When it comes to 21st century culture, media and technology the concept of “free” can sometimes be difficult to pin down. So for my fellow citizens of the Internet I’ve drafted a pragmatic guide to free, in what I see as its three basic forms…
1. Free ride (Hint: There is no free ride).
This is the one to be most wary of. It includes but is not limited to the following:
- Many of the free games and apps on Facebook (and until recently Facebook itself);
- At least some of the free mobile apps available for your iOS or Android device;
- Trojans and the like attached to some pirated software and media.
If something falls into one of these categories and sounds like it’s good to be true, it probably is. That’s because the people who make it are monetizing their users through data mining or some other scheme.
Put a much better way: “If you are not paying for it, you’re not the customer; you’re the product being sold.”
2. Data portability.
Thanks to recent changes this would include Facebook in its current form, along with some other social networks mentioned in a previous post. It would also include any desktop software that allows the user to save their data in standard formats — like your typical office suite, for example. Microsoft Office certainly isn’t free to use, but Google Docs and OpenOffice are.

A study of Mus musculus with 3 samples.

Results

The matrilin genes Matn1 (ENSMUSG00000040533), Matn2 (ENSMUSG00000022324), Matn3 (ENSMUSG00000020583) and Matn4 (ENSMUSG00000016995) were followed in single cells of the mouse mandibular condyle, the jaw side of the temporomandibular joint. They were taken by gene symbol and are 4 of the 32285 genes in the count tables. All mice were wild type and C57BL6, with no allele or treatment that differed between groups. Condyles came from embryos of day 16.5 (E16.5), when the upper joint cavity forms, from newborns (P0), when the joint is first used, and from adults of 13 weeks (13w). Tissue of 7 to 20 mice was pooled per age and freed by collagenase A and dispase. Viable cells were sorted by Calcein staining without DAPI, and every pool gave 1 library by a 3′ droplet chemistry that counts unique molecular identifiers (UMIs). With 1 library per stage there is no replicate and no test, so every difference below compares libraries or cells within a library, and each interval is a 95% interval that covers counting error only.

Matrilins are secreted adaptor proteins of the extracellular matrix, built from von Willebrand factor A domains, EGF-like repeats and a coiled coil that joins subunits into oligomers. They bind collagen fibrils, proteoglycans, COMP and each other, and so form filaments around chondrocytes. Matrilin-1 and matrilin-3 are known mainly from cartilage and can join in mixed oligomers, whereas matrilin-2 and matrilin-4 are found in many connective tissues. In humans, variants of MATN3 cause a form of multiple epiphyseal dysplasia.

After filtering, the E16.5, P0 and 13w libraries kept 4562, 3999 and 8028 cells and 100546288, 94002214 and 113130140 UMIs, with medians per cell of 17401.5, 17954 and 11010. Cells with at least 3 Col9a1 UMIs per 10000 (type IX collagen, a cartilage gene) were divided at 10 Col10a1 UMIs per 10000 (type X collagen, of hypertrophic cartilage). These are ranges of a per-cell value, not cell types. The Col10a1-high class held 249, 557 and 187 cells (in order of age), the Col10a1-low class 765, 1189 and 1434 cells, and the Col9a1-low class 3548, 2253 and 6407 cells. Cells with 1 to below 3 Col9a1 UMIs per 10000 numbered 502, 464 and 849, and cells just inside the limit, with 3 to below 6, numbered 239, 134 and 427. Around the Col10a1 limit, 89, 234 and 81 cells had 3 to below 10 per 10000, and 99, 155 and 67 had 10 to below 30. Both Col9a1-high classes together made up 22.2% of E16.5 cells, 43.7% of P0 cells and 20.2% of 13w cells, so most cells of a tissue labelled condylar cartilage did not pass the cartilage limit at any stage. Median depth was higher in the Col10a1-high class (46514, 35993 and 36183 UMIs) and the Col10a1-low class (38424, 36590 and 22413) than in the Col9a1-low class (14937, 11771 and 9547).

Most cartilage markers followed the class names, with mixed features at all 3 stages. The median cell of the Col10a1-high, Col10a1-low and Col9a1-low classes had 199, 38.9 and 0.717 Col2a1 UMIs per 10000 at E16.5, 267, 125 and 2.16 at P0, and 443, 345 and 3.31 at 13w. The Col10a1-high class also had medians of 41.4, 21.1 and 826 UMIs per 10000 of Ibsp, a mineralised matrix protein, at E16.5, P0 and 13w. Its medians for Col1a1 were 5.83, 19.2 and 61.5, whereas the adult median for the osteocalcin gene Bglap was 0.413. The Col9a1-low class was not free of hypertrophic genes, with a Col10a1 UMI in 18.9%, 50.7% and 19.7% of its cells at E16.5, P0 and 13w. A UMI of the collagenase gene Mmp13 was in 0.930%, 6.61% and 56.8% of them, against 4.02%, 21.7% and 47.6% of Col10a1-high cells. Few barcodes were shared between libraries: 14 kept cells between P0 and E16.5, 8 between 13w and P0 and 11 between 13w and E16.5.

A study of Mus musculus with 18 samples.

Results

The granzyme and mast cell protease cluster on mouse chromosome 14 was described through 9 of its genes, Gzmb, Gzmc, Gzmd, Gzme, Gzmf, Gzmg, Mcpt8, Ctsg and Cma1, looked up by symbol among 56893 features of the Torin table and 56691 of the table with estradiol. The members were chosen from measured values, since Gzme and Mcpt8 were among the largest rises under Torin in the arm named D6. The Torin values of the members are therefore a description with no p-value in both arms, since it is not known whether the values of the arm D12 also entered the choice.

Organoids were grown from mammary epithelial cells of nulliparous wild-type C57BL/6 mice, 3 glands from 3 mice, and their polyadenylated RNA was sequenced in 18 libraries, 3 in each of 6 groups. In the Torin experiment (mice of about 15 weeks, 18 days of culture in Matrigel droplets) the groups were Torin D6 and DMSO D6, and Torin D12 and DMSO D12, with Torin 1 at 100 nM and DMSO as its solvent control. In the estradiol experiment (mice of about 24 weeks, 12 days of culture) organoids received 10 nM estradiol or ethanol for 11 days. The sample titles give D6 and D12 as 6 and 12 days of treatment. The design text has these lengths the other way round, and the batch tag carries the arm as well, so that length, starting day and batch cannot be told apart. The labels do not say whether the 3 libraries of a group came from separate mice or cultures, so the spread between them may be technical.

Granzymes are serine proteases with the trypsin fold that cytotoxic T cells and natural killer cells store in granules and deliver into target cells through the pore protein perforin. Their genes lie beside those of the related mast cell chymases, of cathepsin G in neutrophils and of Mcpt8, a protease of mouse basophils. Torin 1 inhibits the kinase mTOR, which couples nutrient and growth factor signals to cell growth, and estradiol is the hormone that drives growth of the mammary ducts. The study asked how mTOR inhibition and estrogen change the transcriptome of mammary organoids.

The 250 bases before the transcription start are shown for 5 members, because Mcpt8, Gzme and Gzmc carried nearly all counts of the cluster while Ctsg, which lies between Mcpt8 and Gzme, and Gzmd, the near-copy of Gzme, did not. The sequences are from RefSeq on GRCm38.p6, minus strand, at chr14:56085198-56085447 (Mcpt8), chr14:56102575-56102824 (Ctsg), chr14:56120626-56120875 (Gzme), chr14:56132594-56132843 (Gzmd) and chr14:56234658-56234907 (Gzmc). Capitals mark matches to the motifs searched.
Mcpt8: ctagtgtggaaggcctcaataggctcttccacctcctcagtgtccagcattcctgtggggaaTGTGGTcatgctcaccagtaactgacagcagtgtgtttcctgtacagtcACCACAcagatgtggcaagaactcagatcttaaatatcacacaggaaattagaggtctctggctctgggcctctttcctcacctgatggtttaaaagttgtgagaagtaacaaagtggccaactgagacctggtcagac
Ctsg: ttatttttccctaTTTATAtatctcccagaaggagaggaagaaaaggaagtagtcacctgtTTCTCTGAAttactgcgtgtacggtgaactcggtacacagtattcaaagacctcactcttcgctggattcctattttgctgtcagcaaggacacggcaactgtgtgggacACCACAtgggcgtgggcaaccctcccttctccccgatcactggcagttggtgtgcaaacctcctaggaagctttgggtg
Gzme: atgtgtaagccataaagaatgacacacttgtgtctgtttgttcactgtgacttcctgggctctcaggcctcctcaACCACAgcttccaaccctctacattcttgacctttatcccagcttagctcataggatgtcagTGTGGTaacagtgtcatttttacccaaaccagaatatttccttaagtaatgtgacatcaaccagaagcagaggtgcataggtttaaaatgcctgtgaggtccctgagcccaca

For free software and/or services to get my recommendation its users must at the very least be able to get their data out of it. What’s yours is yours.
3. Free as in freedom.
As you might have guessed I’ve saved the best for last.
I’m talking about GPL-licensed software, Creative Commons media… Stuff you can not only download and use but build on and share. Such things should scare the shit out of intellectual property barons and patent lawyers and rightly so, because they have the potential to make those particular career choices obsolete.
For the rest of us the distinction between producer and consumer effectively vanishes; we’re all free to create and contribute. We can even make some money along the way, though money is most often not the primary motivating factor.
I think this type of free is the future. How about you?